I write and I read. When I read something that knocks my socks off, I write to the author. This doesn’t happen often. Perhaps that’s because it takes quite a lot to knock my socks off. Yet when I do write, my letters are handwritten; a typed letter would never do. Heaven forbid an email. In my heart I know that pen to paper is the most personal and sincere way to write. Often remarkable things happen.
Every year in my preschool class I chapter read aloud. The first book of the year is always Charlotte’s Web. When I began reading this year, I opened the book and there was a forward from the Newbery Award winning author, Kate DiCamillo. That was ‘it’, my big push to write to the author. She has been in my life the past two years in many ways. It all started with Inga, my friend and fellow teacher who loaned me her copy of Flora and Ulysses. It is one of the best books I have read. Then, ‘Read Aloud West Virginia’ hooked me up to Kate DiCamillo’s Facebook page. I host a reading group at my public library for second and third graders which put me into another whole world of reading. This opened my window, and then I read Because of Winn Dixie.
I wrote a two-page handwritten letter to Kate DiCamillo. I had to. I told her how she’d come into my life in unexpected ways, and told her about me and my pathway in reading books and reading aloud. I told her how I had found not only her books but many others, such as Wonder, A Week in the Woods, and The Year of Billy Miller. I had discovered a new world beyond picture books. Kate DiCamillo wrote back to me. She thanked me for reading aloud, told me she was grateful, and called me her friend. Her card to me was handwritten, too.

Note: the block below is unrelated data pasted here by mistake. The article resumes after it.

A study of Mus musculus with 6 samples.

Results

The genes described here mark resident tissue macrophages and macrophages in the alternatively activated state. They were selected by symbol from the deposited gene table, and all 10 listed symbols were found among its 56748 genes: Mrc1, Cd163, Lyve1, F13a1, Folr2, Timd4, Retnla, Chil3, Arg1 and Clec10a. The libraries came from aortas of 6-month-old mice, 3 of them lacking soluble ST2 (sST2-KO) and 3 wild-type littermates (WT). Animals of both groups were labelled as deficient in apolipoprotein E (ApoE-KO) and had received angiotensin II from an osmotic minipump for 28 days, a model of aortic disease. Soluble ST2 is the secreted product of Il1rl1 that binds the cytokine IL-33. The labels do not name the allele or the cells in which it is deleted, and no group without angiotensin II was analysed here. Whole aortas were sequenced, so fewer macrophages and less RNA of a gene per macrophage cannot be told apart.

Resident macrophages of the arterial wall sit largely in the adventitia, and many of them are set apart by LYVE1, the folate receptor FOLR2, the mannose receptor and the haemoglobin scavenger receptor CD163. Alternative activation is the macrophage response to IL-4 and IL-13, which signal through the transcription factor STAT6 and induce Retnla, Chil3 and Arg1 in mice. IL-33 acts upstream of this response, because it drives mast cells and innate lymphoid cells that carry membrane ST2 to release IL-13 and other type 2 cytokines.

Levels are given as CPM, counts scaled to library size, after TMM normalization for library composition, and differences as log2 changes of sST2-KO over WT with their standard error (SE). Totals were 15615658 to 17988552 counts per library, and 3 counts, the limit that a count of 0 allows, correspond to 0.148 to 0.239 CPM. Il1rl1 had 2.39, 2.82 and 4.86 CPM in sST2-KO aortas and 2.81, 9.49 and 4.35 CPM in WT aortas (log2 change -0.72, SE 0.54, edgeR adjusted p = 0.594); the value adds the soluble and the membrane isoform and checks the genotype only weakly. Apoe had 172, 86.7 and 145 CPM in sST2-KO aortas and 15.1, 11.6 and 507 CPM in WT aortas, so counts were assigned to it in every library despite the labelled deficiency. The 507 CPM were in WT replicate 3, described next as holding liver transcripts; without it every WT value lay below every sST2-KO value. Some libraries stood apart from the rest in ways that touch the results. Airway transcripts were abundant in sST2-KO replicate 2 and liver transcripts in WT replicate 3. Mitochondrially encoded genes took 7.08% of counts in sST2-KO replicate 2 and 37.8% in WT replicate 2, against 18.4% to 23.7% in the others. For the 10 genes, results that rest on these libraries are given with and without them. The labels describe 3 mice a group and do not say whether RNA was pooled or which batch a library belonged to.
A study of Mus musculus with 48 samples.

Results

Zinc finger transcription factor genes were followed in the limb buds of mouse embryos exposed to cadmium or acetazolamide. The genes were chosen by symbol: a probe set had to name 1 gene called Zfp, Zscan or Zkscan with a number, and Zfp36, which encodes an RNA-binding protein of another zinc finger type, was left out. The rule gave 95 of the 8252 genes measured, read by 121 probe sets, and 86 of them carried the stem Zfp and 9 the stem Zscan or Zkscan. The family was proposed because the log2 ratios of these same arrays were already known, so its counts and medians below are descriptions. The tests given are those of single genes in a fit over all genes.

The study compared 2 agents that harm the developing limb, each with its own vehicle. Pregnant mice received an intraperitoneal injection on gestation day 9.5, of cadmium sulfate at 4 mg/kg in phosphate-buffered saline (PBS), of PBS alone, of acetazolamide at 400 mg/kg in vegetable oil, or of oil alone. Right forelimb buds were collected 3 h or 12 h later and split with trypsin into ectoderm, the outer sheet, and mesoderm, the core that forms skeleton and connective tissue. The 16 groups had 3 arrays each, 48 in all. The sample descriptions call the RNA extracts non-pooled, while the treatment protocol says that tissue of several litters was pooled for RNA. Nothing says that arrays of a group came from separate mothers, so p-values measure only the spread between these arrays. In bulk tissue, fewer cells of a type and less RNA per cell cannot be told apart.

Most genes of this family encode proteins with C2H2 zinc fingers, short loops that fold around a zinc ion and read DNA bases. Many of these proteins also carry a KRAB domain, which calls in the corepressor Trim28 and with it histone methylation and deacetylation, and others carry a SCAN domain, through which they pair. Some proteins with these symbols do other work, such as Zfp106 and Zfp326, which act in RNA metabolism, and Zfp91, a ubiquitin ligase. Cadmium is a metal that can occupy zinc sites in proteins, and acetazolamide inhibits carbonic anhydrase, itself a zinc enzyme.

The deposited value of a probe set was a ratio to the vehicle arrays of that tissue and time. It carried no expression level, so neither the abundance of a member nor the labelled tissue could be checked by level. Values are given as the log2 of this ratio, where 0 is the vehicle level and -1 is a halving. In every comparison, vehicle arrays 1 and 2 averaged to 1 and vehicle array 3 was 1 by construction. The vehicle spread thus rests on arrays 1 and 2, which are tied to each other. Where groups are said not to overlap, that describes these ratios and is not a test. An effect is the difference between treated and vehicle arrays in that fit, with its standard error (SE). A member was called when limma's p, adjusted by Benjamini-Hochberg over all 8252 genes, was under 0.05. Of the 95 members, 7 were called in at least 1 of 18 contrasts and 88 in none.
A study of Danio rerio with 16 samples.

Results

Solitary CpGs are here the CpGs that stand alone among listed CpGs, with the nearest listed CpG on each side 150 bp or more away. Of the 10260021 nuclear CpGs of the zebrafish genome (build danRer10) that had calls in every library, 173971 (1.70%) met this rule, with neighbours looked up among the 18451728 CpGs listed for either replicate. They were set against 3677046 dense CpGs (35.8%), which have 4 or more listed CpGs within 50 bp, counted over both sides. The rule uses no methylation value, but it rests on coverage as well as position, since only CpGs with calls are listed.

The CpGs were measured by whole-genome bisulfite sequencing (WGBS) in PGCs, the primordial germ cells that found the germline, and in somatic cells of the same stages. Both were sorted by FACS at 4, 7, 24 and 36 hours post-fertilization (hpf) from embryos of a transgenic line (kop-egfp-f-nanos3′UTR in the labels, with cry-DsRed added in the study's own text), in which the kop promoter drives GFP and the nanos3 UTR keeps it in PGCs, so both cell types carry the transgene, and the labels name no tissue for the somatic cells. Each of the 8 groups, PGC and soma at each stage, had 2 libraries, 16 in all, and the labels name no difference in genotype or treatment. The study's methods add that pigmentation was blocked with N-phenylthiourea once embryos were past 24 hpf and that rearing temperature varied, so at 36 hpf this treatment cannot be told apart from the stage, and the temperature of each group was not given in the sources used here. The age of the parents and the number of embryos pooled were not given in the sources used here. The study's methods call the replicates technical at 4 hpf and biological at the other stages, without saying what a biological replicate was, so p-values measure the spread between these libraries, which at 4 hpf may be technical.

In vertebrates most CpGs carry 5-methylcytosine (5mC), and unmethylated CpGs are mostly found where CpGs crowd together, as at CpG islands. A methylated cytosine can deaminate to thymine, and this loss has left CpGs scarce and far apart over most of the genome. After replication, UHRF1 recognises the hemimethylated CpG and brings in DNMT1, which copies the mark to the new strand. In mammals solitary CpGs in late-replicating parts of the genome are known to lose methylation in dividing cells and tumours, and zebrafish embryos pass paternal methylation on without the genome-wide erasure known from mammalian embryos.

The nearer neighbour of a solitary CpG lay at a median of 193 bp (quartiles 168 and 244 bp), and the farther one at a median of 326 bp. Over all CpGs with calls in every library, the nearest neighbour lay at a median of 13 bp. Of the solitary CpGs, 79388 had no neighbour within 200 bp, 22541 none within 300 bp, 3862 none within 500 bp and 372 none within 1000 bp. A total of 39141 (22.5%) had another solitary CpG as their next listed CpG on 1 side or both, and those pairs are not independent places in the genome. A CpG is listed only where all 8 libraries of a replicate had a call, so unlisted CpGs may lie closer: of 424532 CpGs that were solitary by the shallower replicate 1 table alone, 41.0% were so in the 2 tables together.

Some years ago I attended a teacher conference and Jim Trelease was the keynote speaker. He is the author of the million copy bestseller, The Read Aloud Handbook. That speech knocked my socks off. It affirmed everything I do and know to be true. After the conference I wrote him a letter. I had to. Yes, it was handwritten. I included a newsletter I had sent to parents in my classroom about reading aloud. He wrote back to me. He wanted to know more. Jim Trelease visited my classroom and wrote about my reading in his recent edition.
Many years ago I read Jack and the Beanstalk by John Howe to my class. When I read the line where Jack’s mother is upset and calls him a ‘stupid boy’, one child asked me why the author wrote and said the word ‘stupid’. Good question. The only way to find out was to ask the author. So, again I wrote a letter to an author, handwritten of course. John Howe responded in kind with an eloquent answer as to his use and the definition of the word ‘stupid’. I still have his handwritten letter stored among my treasures.
Today I told two children at the library to be brave and write to their favorite authors. One child is a huge fan of Patricia Polacco, and I encouraged her to write a letter. Somehow I think the rewards that a letter brings to an author may be just as big as the rewards for the writers. They certainly were for me.